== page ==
Fire Tomlin? Be careful for what you wish


But when that kind of talk focuses around the Steelers, it makes no sense.

Mike Tomlin is in his seventh season as coach of the Steelers. During his first six full seasons, he not only never had a losing record, but he went to the playoffs four times, to the Super Bowl twice and won the Super Bowl once.

And spare me the nonsense that he did it with another man’s players. He did it with his team and that’s all that can be asked of a coach. If in-game coaching strategy is important, and the comment sections after every loss indicates that it is, then Tomlin deserves quite a bit credit for the successes of his teams. Just as he deserves blame for the lack of success of this team.

The notion that general manager Kevin Colbert should be fired is even more ridiculous. Since becoming GM in 2000, Colbert has built highly successful rosters that have gone to three Super Bowls and won two of them.

Does anyone seriously believe the Steelers definitely are going to find better men at their jobs than Tomlin and Colbert?

Remember the almost universal demand that Bruce Arians be fired as offensive coordinator? How has that worked out?

The next eight paragraphs are taken from a column I wrote for the Post-Gazette almost a decade ago in response to some unhappiness about the work of Bill Cowher. I repeat it now because it proves the same point it did in the July, 2004. Here it is with some of the coaching records updated:

"Hasn't anyone noticed the massive level of failure among newly hired NFL coaches? Firing Cowher would put the Steelers back into the mix to hire another of those incompetents.

As much as some might think there is, there's no such thing as a sure thing when it comes to NFL coaching success. Brilliant young coordinators fail. College coaches with massive success fail. Longtime assistants, who wait their turn, fail. Even Super Bowl winners fail.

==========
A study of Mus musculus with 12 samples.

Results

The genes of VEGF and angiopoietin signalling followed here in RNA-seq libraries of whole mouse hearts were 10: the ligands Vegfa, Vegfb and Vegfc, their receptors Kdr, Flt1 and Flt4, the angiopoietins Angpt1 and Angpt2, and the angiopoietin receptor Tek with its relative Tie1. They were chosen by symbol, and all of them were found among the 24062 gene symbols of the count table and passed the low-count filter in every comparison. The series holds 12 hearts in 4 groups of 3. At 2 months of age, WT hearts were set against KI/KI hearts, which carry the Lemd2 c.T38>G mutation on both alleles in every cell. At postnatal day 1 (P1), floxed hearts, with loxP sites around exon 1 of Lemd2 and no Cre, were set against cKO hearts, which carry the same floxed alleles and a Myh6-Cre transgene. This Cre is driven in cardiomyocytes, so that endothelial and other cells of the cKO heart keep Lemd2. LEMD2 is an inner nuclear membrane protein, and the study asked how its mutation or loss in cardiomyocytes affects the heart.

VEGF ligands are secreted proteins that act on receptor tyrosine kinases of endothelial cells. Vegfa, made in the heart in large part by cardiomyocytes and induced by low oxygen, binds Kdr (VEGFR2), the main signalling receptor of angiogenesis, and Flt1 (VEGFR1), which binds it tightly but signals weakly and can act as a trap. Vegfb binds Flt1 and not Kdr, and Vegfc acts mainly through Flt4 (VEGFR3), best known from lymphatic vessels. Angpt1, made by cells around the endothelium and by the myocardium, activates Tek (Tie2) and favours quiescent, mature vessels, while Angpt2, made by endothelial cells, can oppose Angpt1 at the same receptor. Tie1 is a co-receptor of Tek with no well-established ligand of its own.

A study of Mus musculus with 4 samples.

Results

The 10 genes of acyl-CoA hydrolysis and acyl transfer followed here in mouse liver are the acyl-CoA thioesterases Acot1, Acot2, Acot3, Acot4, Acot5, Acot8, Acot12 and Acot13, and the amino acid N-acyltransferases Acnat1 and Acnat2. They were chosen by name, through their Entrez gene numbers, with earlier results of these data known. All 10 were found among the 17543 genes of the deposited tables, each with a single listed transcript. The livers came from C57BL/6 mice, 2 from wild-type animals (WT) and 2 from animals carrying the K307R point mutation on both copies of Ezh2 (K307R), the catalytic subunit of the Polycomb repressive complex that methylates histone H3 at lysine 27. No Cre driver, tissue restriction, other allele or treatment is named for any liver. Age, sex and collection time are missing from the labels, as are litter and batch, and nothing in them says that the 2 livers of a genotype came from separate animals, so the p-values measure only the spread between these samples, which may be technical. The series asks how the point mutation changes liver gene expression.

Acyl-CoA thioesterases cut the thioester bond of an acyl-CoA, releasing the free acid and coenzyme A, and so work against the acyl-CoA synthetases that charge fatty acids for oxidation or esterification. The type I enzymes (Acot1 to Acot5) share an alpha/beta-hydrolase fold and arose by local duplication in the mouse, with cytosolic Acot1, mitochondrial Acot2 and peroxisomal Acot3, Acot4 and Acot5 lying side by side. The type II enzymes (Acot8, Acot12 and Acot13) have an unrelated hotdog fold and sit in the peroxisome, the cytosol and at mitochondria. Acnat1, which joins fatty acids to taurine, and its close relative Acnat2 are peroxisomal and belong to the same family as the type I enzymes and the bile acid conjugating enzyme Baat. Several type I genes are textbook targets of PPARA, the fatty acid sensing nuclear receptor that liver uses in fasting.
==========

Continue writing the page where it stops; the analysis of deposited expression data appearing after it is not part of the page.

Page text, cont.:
Here's a list of NFL coaches, hired in the 1990s from different backgrounds, who appeared to be just the right man but were not.

Defensive coordinators: Gregg Williams (17-31 at Buffalo); Buddy Ryan (12-20 at Arizona); Ray Rhodes (30-36 at Philadelphia, 8-8 at Green Bay); Jim Haslett (45-51 at New Orleans, 2-10 at St. Louis).

Offensive coordinators: Chris Palmer (5-27 at Cleveland), Lindy Infante (12-25 at Indianapolis); Kevin Gilbride (6-16 at San Diego); June Jones (19-30 at Atlanta, 3-7 at San Diego); Mike White (15-17 at Oakland).

College coaches: Florida's Steve Spurrier (12-20 at Washington); Miami's Butch Davis (24-35 at Cleveland); Syracuse's Dick MacPherson (8-24 at New England); Oregon's Rich Brooks (13-19 with the Rams); Miami's Dennis Erickson (31-33 with Seattle, 9-23 at San Francisco).

Older NFL assistants in their first job: Dick LeBeau (12-33 at Cincinnati); Gunther Cunningham (16-16 at Kansas City); Rod Rust (1-15 at New England); Joe Bugel (20-44 at Arizona); Ray Handley (14-18 with the Giants); Richie Petitbon (4-12 at Washington).

Super Bowl winners: Mike Ditka (15-33 at New Orleans); George Seifert (16-32 at Carolina); Tom Flores (14-34 at Seattle) Dick Vermeil (44-36 at Kansas City); Mike Holmgren (86-74 at Seattle)."

Let’s suppose for a minute that Spurrier never had his ill-fated stint with the Redskins and was known strictly as one of the great college coaches of recent times (214-79-2). Imagine the celebration if at the end of this season he replaced Tomlin. And now remember what he did with the Redskins.

Haslett is another. He had the markings of an excellent head coach when he was the defensive coordinator for the Steelers. It did not work out for him.

Chuck Noll was 1-13 in his first season and 12-30 in his first three. Cowher was 22-26 from 1998-2000. How do you think those numbers would play with the Internet crowd today?

In Tomlin's past three full seasons, he is 32-16. To suggest a coach with that record should be fired based on a 2-5 record is insanity.

The Steelers have shown over the years that stability is important. They need only look next door at Pitt -- eight coaches in the past 32 years -- or north to Cleveland -- five this century -- to learn that musical chairs is not the answer.

But neither is lifetime security.

Tomlin has shown he can coach a high-caliber team. He went to the Super Bowl twice in three years. His teams posted three consecutive 12-4 records. That means something. But now he must be viewed in a different light.

How does he handle mediocre talent? How does he deal with young talent? How does he handle adversity?

Those are questions he will have to answer and, based on his previous accomplishments, he deserves ample time to prove his mettle. Tomlin is not going away -- nor should he.